We’re coming at you with our top takeaways from the Digital Marketing Summit held in Minneapolis last week.
Matt Wallaert, behavioral scientist, opened the conference by laying out how marketers can better understand their consumer’s identity to guide content creation.
First, marketers need to balance two needs: individuality and a sense of community. Users need to feel like they are a special individual, but at the same time feel that they are connected to a larger group. This is what he calls, the ‘Special Snowflake’ and ‘the Blizzard.’
He breaks down consumers into three main groups: Stable Likers, Unstable Likers, and Stable Dislikers.
He also breaks down how socioeconomic status (SES) plays into these needs:
The big question: how do you make a consumer care about your brand? Wallaert says this can be accomplished through drafting. Drafting is taking part of a consumer’s identity and connecting that to what you want them to do.
For example, to encourage business travelers to check their luggage on flights, marketers needed to convince travelers that checking their bags would increase efficiency, resulting in flights being on schedule. Business travelers don’t want to check their bags, but ultimately what they cared about was arriving at their destination on time.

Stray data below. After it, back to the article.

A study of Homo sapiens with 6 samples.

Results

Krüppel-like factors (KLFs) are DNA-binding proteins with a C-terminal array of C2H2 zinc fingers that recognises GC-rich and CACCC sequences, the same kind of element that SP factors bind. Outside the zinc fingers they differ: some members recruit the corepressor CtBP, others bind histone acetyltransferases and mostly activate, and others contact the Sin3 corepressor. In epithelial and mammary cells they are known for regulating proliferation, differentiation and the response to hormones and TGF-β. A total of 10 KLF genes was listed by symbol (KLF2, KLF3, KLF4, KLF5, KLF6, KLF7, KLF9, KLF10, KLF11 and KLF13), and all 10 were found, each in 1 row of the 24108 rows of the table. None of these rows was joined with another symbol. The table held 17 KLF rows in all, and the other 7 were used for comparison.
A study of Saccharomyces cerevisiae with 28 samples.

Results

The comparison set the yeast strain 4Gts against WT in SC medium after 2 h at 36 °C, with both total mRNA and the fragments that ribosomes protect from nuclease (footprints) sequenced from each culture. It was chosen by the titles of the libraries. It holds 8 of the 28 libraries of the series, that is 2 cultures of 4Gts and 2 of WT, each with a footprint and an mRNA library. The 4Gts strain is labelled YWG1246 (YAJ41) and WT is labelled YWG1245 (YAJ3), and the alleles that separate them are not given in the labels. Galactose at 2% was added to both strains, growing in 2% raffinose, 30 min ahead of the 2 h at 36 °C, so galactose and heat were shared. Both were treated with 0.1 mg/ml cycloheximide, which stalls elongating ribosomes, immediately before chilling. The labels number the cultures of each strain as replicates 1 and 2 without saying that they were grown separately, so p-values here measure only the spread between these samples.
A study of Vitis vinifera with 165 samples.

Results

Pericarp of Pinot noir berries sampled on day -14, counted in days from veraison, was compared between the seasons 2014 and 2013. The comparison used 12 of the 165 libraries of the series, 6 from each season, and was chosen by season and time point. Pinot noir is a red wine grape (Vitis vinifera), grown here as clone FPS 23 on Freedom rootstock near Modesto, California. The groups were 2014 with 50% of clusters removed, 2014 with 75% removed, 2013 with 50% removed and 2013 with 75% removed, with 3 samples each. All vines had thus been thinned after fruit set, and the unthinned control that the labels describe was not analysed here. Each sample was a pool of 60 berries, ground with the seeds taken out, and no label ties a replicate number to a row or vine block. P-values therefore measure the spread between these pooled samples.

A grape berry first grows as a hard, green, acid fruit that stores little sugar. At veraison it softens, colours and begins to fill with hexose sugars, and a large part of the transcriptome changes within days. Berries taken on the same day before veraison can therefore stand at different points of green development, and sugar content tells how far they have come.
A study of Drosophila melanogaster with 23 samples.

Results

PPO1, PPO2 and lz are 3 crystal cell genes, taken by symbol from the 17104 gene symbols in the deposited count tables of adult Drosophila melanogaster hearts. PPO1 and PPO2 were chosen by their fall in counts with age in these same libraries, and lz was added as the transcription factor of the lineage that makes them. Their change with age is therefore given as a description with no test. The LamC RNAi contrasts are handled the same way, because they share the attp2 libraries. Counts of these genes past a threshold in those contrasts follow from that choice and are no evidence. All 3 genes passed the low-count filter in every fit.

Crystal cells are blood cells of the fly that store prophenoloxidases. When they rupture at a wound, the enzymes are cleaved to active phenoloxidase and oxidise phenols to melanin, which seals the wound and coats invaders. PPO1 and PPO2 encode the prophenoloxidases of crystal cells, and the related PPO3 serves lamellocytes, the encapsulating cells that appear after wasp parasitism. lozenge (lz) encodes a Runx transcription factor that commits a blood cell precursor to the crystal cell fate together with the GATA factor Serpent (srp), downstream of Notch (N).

Our takeaway: Understanding your consumer’s identity informs the type of content they need and how you can make them care about your brand.
Michael Barber, founder of barber&hewitt, urged us to remember that in order to create a positive brand experience, marketers need to reduce friction for consumers. Just think about trying to cancel with Comcast and you’ll understand how important this is.
He shared his 5 C’s to reduce friction. Brands should be:
Our takeaway: Consumer experience shouldn’t be on the back burner.
Laura Wilson, Director of Digital Engagement & Social Media at Georgetown University, shared how Snapchat can work for any brand. The business reasons for being on Snapchat are plenty. The platform has 200 million users and it reaches 41% of millennials in the U.S.
Even if you’re a B2B brand that targets executive decision makers, a company’s millennial employees can be advocates for your brand.
Marketers can take advantage of several content strategies:
Our takeaway: Snapchat is where businesses should be going.
Andy Beal, online reputation management consultant, shared some key takeaways from other online PR fails. Knock on wood, this never happens to you. Remember:
Our takeaway: When handing over the keys to your company’s social media accounts, train your employees to use good judgment.